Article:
SUPPLY CHAIN: A WEAK LINK FOR NEWBIES
“Whatever comes off a commercial printing press is the end product,” says Jan De Roeck, Esko’s Director Solutions Management. “But whatever comes off a packaging press is not the end product but only half of it. There’s a lot more that goes beyond the printing press in the packaging supply chain. It’s about logistics, finishing, fulfillment and understanding the functional specifications of the package. You must know this or you’ll fail miserably.”
De Roeck says that a print buyer’s relationship with a converter also poses a hurdle for packaging newcomers. “Brand owners don’t switch suppliers lightly. Their quality requirements are high—they have a lot of trust and faith in their suppliers.”
In the packaging world, changing suppliers is a costly proposition. That’s not the case in the commoditized commercial printing environment, where, as De Roeck says, “There’s no loyalty. If a neighboring printer is a littler cheaper, you move to another [offset] supplier.”
WHERE IS THE DEMAND?
Beyond the production issues, there’s also the demand question. Which short-run applications will prevail? Labels are a sure bet, says De Roeck. “With labels you typically have very short runs for locally produced products. Folding cartons and other packages may be a tougher sell. Certainly for personalized folding carton packaging, the time may not be right as of yet. I’m not waiting for a box of corn flakes with my name on it,” says De Roeck. “The winners of this contest will be the ones that find the end-user applications for short run or personalized folding cartons that can be manufactured cost-efficiently.”
OFFSET PRESSES AR EN’T SO SHABBY
Digital developments may have captured the drupe spotlight, but offset isn’t down for the count. “Some of the conventional offset manufacturers gave some surprising demonstrations at drupa,” notes De Roeck. “They [showed] multiple rapid changeovers, even as the press was running—even washing ink stations—and it was done within 15 minutes. It was an astonishing display of flexibility and productivity.”
X-RITE POISED TO EXPAND ITS PACKAGING POSITION
Earlier this year, Danaher Corp. acquired X-Rite, the color science specialist. Alert readers will remember that X-Rite acquired Pantone in 2007. Danaher’s previous graphic arts–related acquisitions have included Esko (2011) and Videojet /Marconi (2002).
PARENT COMPANY’S DEEP POCKETS
Currently, Danaher is a $161-billion company with 59,000 employees worldwide. X-Rite joins the Product Identification segment of Danaher’s Industrial Division. In addition to Esko and Videojet, the group includes Gems Sensors and Controls, Kollmorgen, Linx Printing Technologies (coding and marking), and Qualitrol and Thomson (precision mechanical motion control).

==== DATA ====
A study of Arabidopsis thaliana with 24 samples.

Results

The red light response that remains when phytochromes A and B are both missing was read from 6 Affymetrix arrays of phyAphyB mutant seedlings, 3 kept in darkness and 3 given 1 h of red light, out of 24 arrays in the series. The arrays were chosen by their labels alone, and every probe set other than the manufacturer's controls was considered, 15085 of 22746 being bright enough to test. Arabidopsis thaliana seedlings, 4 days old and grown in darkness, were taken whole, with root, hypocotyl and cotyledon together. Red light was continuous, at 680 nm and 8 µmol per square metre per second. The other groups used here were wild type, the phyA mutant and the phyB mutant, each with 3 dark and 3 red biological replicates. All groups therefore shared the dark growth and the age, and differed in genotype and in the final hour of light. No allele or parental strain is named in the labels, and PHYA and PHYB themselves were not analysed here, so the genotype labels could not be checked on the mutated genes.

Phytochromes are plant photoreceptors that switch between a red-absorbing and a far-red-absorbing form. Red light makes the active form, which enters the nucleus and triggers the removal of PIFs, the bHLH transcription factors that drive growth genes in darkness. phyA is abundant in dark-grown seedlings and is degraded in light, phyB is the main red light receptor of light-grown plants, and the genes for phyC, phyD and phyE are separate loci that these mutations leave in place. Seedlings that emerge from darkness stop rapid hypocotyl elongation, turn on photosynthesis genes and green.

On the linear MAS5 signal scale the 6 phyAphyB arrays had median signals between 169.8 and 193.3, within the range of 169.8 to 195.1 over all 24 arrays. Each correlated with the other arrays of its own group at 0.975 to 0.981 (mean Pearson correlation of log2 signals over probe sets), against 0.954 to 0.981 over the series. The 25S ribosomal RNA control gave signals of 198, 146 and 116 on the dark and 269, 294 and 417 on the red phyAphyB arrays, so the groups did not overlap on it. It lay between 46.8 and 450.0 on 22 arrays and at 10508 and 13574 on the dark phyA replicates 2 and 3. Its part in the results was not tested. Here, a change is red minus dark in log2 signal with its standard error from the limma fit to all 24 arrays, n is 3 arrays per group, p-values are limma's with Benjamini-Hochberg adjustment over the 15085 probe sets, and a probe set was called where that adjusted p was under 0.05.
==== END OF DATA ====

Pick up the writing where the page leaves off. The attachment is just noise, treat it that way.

Vic Stalam, X-Rite’s Senior Vice President of Sales and Marketing, sees a lot of potential in the packaging market. He says that X-Rite/Pantone’s standards prowess, coupled with its ability to measure color in a consistent way across the supply chain, is a “natural fit” with Esko’s workflow strengths.
COLOR ENGINE DR IVES COLOR CONFIDENCE
Reproducing brand colors continues to be one of the largest challenges of package printing. At drupa, X-Rite unveiled PantoneLIVE, a cloud-based color service that provides instant access to essential brand color standards. Esko’s Color Engine, a central color database to manage color and device profiles, is the enabling technology that supports the PantoneLIVE color management process across the prepress packaging workflow.
TRUE COLOR S SHINING THROUGH
Targeting packaging and label applications, Esko’s Color Engine 12 supports color consistency and realistic spot-color reproduction. Using an ink’s spectral definition, Color Engine predicts the behavior of the ink and simulates the printed result on a digital inkjet proof. The software calculates what a spot ink will look like when printed on top of another one, printed on certain paper or board stock, or viewed under different lighting conditions without having to fingerprint all possible combinations. It also creates and manages multi-ink profiles for coloraccurate extended-gamut printing and digital printing.
“Effective color management delivers cost savings throughout the value chain,” says De Roeck. “Getting color right the first time and simplifying the color management process cuts down the costs.”